President Donald Trump said Sunday he’s postponed his plan to throw out the opening pitch at a New York Yankees game next month, extending his run as the only modern president to not take part in the longstanding tradition.
The President cited his “strong focus” on the coronavirus pandemic and the economy as reasons for the delay, but still promised, “We will make it later in the season!”
The deferral comes after Trump announced Thursday that he had agreed to throw out the ceremonial first pitch on August 15.
Speaking from the White House briefing room podium, Trump said the team’s president Randy Levine “asked me to throw out the first pitch” at Yankee Stadium. Trump said he accepted the offer and asked Levine, “How’s the crowd going to be?”
“You don’t have a crowd,” the President said. “There’s no such thing.”
That announcement came about an hour before Dr. Anthony Fauci — the nation’s top infectious disease specialist who has recently served as a punching bag for some in the White House — threw out the first pitch at Nationals Park in Washington.
Trump’s plan, however, was met with immediate backlash from New York City officials.
Bronx Borough President Ruben Diaz said in a forceful statement Friday that, “We all deserve better than a careless major league baseball organization that consistently ignores the surrounding community while pandering to an unapologetic white supremacist like Donald Trump.”
That message was echoed by New York City Mayor Bill de Blasio, who tweeted Saturday, “After CONDEMNING racism, the next step isn’t inviting it to your pitcher’s mound.”
The tradition of US presidents throwing out the first pitch at Major League Baseball games stretches back to 1910.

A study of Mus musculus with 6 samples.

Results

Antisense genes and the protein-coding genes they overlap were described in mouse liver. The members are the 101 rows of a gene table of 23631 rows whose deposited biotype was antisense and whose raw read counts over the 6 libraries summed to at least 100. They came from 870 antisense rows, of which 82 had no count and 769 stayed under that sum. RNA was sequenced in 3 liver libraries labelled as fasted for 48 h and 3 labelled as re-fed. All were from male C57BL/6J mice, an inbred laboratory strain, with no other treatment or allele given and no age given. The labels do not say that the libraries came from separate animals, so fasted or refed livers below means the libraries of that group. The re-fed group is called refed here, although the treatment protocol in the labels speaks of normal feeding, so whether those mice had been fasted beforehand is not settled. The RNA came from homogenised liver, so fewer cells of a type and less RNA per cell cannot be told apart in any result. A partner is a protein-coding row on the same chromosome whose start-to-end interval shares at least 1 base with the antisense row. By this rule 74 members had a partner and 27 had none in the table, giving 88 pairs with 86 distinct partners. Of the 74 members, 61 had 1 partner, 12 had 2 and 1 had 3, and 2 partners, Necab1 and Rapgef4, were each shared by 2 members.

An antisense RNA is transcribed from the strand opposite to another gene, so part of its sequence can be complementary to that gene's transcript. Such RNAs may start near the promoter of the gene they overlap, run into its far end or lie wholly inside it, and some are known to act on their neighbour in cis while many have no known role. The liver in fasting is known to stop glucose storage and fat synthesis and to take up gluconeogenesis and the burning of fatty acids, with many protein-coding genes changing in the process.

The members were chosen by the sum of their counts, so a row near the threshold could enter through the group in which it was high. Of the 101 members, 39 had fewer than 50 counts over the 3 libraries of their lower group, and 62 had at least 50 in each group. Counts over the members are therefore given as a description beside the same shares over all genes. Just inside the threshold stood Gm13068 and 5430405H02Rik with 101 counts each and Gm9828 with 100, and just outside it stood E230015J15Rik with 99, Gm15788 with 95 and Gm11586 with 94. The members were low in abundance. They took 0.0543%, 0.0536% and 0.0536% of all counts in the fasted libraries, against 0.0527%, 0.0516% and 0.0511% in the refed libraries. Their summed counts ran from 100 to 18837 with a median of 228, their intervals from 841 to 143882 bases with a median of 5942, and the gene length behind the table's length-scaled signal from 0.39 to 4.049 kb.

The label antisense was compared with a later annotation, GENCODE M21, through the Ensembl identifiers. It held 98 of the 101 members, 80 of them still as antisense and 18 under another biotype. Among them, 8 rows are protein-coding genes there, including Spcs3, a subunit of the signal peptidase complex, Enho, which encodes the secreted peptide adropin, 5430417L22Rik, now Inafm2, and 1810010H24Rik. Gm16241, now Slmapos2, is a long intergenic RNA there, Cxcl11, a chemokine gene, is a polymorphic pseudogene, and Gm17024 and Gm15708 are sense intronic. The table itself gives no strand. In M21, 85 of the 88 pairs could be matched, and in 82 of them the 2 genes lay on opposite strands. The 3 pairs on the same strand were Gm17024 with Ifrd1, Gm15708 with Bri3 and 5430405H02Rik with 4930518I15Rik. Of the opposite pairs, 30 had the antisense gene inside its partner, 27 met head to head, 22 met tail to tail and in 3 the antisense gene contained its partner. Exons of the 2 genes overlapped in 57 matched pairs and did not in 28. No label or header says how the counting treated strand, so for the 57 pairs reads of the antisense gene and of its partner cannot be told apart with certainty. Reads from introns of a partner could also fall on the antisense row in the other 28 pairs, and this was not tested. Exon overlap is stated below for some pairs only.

On Opening Day of that year, William Howard Taft threw the first ceremonial pitch in Washington. It was a day that marked the start of two historic baseball traditions: later, Taft accidentally invented the seventh inning stretch when he got on his feet, causing the crowd at Griffith Stadium — assuming the president was departing the game — to stand in anticipation of his departure (or so legend states).
Taft’s Opening Day toss touched off an early season tradition that has stretched for more than a century. While presidents in the 1920s and 1930s often threw out the first pitch before World Series games, a president taking to the rubber during the Fall Classic has been much rarer in recent memory.
There was some talk of Trump throwing the first pitch at last year’s World Series game, but he balked at the idea, saying that he would have to wear “a lot of heavy armor” to make such an appearance.
“I’ll look too heavy. I don’t like that,” he said at the time.
Instead, celebrity chef José Andrés, a prominent Trump critic, threw out the first pitch before Trump arrived to his seat.